Last generation of foot-bound women balance physical disadvantage in old age

Women who underwent foot-binding are experiencing higher levels of osteoperosis as they reach their 80s, but maintain the same likelihood of fragility fractures as  those who avoided the archaic practice, a recent study found.

China banned foot-binding  – tightly wrapping a child’s foot in order to stunt growth and produce small feet, often performed as a show of status – in 1912.

As the last generation of Chinese women who experienced foot-binding reach old age, many have managed to overcome the major physical disadvantages, a recent survey found.

Resarchers led by  the Chinese University of Hong Kon surveyed  254 women aged 65-80,  174 of which  had bound feet as children, in a remote region of Yunnan province.

They found that, while bound feet resulted in higher rates of osteoporosis,  the impact on balance and other physical limitations were minimal.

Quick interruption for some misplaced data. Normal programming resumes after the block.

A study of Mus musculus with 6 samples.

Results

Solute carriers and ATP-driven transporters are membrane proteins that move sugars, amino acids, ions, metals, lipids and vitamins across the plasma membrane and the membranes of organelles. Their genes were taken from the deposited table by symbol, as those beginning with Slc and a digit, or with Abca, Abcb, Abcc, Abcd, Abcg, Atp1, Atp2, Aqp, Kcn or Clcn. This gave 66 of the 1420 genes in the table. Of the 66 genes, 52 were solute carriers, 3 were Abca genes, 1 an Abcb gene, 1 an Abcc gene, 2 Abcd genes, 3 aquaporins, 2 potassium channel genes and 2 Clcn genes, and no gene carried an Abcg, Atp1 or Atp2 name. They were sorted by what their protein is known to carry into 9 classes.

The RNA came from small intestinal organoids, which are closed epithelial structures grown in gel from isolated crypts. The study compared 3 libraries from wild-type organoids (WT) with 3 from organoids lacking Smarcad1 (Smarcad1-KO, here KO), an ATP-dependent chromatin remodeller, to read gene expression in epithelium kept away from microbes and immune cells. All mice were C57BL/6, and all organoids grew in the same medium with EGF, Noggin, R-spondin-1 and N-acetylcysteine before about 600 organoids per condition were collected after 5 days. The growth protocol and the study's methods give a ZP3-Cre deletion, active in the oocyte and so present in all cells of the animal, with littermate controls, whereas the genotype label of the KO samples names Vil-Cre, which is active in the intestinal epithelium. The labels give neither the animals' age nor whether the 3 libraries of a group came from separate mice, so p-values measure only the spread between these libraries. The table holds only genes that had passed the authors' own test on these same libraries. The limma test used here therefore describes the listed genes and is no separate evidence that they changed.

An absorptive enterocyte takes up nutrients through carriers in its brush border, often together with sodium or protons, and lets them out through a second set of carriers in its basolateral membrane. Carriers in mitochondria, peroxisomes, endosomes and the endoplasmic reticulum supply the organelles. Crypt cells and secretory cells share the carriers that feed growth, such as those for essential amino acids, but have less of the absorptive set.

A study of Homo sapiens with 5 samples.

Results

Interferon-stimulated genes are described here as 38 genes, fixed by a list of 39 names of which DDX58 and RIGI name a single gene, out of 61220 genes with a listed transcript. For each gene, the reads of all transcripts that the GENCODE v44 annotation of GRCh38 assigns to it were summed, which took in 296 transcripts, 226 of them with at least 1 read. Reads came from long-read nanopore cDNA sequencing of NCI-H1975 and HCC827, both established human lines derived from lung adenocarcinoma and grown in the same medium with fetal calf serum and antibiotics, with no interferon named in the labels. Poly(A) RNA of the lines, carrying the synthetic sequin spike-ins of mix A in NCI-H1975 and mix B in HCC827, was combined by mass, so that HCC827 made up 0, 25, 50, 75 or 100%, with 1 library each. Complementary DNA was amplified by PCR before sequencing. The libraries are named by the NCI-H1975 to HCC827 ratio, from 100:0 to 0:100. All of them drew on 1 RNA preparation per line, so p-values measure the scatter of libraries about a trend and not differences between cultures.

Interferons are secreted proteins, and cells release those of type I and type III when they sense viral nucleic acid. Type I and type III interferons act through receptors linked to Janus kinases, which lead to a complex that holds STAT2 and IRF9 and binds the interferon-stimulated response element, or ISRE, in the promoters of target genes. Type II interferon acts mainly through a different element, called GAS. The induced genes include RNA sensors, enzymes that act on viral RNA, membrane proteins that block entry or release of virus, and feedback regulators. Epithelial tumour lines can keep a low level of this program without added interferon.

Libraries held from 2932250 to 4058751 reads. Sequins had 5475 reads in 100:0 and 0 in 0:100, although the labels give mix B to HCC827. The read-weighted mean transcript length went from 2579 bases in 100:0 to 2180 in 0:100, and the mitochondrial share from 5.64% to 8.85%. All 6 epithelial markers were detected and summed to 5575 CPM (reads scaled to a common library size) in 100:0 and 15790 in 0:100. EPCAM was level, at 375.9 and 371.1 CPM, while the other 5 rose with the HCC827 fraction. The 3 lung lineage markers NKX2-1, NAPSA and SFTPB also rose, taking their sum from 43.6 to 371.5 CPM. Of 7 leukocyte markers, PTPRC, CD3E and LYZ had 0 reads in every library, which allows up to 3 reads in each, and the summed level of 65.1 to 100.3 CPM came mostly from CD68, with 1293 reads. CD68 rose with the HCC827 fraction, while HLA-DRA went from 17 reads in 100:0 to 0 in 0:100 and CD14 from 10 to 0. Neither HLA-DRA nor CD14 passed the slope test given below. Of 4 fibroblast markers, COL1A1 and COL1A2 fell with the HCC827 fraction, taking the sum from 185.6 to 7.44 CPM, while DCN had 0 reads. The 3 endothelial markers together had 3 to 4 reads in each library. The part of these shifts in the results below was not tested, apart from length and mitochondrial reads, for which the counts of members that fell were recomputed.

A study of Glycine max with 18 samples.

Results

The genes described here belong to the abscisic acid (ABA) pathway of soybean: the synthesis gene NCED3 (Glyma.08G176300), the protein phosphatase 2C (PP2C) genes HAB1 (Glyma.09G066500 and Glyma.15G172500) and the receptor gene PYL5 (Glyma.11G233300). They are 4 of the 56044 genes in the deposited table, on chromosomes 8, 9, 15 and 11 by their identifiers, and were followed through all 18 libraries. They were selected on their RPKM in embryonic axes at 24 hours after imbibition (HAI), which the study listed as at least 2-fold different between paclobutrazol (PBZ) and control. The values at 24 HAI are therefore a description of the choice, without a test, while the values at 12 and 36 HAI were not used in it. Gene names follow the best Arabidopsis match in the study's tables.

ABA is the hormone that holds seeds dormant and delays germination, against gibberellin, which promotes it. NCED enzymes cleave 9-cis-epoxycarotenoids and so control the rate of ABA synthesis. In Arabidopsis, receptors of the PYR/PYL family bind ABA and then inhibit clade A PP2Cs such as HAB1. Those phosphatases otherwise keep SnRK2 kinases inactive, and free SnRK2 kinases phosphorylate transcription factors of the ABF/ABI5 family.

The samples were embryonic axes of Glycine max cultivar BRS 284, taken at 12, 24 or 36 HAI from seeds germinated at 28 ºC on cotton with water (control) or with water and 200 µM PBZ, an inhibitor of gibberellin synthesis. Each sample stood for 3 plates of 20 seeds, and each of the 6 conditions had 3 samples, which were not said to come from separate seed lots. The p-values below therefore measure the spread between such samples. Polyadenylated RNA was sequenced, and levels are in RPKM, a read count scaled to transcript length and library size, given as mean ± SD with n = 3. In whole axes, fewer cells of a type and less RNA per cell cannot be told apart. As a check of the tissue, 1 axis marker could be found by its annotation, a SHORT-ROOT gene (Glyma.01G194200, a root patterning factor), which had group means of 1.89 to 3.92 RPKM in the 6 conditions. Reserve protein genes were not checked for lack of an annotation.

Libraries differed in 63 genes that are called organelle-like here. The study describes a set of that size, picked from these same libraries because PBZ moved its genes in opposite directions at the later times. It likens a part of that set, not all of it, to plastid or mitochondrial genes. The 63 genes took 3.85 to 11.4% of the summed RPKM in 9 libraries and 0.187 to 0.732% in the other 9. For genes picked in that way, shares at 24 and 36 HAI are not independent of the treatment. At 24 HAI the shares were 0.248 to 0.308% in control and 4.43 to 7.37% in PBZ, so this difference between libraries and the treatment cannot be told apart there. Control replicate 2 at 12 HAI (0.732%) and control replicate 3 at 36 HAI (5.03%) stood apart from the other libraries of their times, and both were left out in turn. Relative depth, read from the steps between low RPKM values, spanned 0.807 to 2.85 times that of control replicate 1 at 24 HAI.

“Results did not reveal any statistically significant differences in any categorical responses, including physical functioning, general health vitality and a  physical component summary score, and number of previous fractures,” the study, Lifelong bound feet in China: a quantitative ultrasound and lifestyle questionnaire study in postmenopausal women, said.

” No impairment of body balance was found.”

The  likely reason for such a low man-made impact, the study asserts, is due to a lifetime of physical activity to compensate balance.

“Implying the importance of improving or maintaining body balance in overall prevention strategies against fragility fractures,” it said.

The study was published online at BMJOpen on March 17.